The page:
Educating people of all ages, particularly children, about the dangers of sun exposure is urgent to preventing the increased prevalence of melanoma and skin cancer, the Skin Cancer Foundation reported in a press release.
The foundation said that about 80% of lifetime ultraviolet (UV) exposure occurs before a child turns 18, and up to 90% of skin damage is caused by the sun.
Over the past 30 years, more people have been diagnosed with skin cancer than all other cancers combined. About 90% of non-melanoma skin cancers are associated with exposure to UV radiation from the sun. Today, one in five Americans develop skin cancer at some point in their lives.
However, less than 10% of all Americans wear sunscreen daily. With summer quickly approaching and May 2017 designated as Skin Cancer Awareness Month, now is the time to learn about how to protect yourself from the sun’s potential dangers.
The American Cancer Society said that melanoma rates in the U.S. have increased during the last 30 years, now reaching epidemic levels. Melanoma is currently the most common cancer in young adults, surpassing lung cancer.
DermalYouth, an organization that brings preventive healthcare education and products to people of all ages, wants to use Skin Cancer Awareness Month to help spread the word about premature aging, skin damage, and skin cancer, and to warn people to take proper steps to protect themselves from the sun every day.
Supported by other members of the community, the Skin Cancer Foundation and DermalYouth will focus on sun safety in schools during this month’s initiatives.
To get involved in raising awareness for sun safety in schools, the foundation offers some tips:
- Approaching your school: Meet with the principal and ask about establishing a sun safety committee within the school administration or raise the issue at a meeting of your school’s parent-teacher association (PTA). Many schools have tax-exempted organizations affiliated with the PTA and the group might provide greater financial flexibility and stability with fundraising for sun safety projects.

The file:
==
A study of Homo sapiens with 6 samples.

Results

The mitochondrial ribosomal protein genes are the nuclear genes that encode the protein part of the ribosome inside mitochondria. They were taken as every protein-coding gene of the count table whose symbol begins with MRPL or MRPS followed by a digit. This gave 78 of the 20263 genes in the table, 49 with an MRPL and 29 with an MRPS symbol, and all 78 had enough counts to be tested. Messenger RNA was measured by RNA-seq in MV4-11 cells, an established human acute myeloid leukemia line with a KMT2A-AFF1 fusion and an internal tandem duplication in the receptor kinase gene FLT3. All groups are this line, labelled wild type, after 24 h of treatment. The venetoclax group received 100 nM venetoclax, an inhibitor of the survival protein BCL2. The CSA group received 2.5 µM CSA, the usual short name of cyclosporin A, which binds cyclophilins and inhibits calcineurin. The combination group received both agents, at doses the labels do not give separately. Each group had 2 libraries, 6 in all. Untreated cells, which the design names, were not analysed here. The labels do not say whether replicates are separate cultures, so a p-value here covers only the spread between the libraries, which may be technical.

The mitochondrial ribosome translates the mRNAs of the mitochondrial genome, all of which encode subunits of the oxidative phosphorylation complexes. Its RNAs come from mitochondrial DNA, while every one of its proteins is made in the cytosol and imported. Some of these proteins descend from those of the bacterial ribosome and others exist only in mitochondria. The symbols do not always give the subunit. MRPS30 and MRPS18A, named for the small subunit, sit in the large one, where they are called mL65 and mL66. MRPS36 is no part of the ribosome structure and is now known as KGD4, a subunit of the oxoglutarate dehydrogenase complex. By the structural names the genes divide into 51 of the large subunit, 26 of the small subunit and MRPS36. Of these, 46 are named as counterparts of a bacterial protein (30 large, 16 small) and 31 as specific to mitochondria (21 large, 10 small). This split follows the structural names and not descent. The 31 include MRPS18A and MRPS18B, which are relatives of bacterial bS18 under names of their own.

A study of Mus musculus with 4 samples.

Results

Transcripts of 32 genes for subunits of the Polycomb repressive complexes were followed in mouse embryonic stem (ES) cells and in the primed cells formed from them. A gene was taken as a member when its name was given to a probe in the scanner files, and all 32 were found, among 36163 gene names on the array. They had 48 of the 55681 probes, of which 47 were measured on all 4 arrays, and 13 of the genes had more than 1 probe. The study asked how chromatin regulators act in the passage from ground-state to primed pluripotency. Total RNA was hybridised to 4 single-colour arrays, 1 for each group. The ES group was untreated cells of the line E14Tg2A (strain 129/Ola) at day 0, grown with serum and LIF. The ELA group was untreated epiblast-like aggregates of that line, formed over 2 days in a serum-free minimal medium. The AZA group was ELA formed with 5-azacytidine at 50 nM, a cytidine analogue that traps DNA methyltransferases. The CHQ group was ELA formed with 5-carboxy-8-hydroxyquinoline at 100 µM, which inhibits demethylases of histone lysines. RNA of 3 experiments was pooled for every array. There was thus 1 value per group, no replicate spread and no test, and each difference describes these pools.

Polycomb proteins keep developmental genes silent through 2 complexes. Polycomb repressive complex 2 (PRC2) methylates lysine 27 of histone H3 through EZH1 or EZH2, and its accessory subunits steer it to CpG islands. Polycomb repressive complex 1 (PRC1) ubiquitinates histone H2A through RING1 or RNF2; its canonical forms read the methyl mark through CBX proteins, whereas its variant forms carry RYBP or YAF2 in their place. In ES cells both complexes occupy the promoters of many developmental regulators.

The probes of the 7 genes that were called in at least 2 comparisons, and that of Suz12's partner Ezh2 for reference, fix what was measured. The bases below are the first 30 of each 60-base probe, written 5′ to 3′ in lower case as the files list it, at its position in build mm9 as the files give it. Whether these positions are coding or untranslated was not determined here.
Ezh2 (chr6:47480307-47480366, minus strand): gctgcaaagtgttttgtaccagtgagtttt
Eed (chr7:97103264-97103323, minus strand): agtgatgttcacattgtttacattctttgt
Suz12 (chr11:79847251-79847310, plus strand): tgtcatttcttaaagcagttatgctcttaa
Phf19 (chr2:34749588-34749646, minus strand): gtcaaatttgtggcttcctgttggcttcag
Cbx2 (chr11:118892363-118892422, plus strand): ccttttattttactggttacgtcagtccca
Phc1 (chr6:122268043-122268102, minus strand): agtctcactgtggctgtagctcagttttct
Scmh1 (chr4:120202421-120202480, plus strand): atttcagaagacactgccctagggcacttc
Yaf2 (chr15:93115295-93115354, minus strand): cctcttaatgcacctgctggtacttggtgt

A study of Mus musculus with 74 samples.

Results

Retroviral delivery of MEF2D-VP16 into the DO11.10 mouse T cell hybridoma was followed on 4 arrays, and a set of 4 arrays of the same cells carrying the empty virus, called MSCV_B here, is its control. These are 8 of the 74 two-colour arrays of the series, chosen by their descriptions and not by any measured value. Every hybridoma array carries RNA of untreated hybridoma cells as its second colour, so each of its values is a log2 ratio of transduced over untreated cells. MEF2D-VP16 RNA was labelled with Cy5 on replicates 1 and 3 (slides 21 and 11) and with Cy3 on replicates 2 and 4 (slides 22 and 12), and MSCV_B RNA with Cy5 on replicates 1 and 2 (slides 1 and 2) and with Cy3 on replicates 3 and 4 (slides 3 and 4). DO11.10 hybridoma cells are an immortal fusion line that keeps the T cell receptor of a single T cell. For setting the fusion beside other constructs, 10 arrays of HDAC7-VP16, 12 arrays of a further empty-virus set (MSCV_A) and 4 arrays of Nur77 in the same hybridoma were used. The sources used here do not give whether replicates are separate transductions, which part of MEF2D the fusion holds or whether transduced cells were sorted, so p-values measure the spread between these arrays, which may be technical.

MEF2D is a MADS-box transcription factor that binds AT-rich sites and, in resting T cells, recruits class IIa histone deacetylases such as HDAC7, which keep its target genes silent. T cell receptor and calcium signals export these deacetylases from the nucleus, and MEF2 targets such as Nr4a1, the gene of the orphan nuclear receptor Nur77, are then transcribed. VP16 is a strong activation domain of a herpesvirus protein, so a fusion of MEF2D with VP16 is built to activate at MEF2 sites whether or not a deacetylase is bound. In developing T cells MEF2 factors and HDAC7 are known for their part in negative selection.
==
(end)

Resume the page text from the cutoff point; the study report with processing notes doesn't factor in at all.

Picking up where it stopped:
- Mobilizing a sun safety committee: Focus on strategic planning, identifying and ranking goals, and deciding how to allocate the funds raised. If you can get a shade structure it is certainly desirable, but certain permanent shade structures must meet architectural criteria and be installed by union labor. That can be costly. Other strategies might be far less expensive and might even be more effective, such as promoting hats and long clothing, encouraging sunscreen use, and supporting classroom safety instructions.
- Approaching the Board of Education: Work together to add a sun safety policy draft to the formal agenda of a board meeting. While this route might be elusive, most districts allow “public comment” at board meetings, so ask for an opportunity to speak. If possible, enlist a dermatologist to address the board. If your appeal is successful, the board might direct the proposal to a future meeting and open the door to working with the superintendent on a new policy proposal.
More information about sun safety strategies (including a how-to-manual) can be found on the foundation’s website.
The overall goal is to prevent, pay attention, and remember that skin cancer is generally easy to treat if caught early. Don’t forget your sunscreen, and pay attention to shape-shifting moles or marks.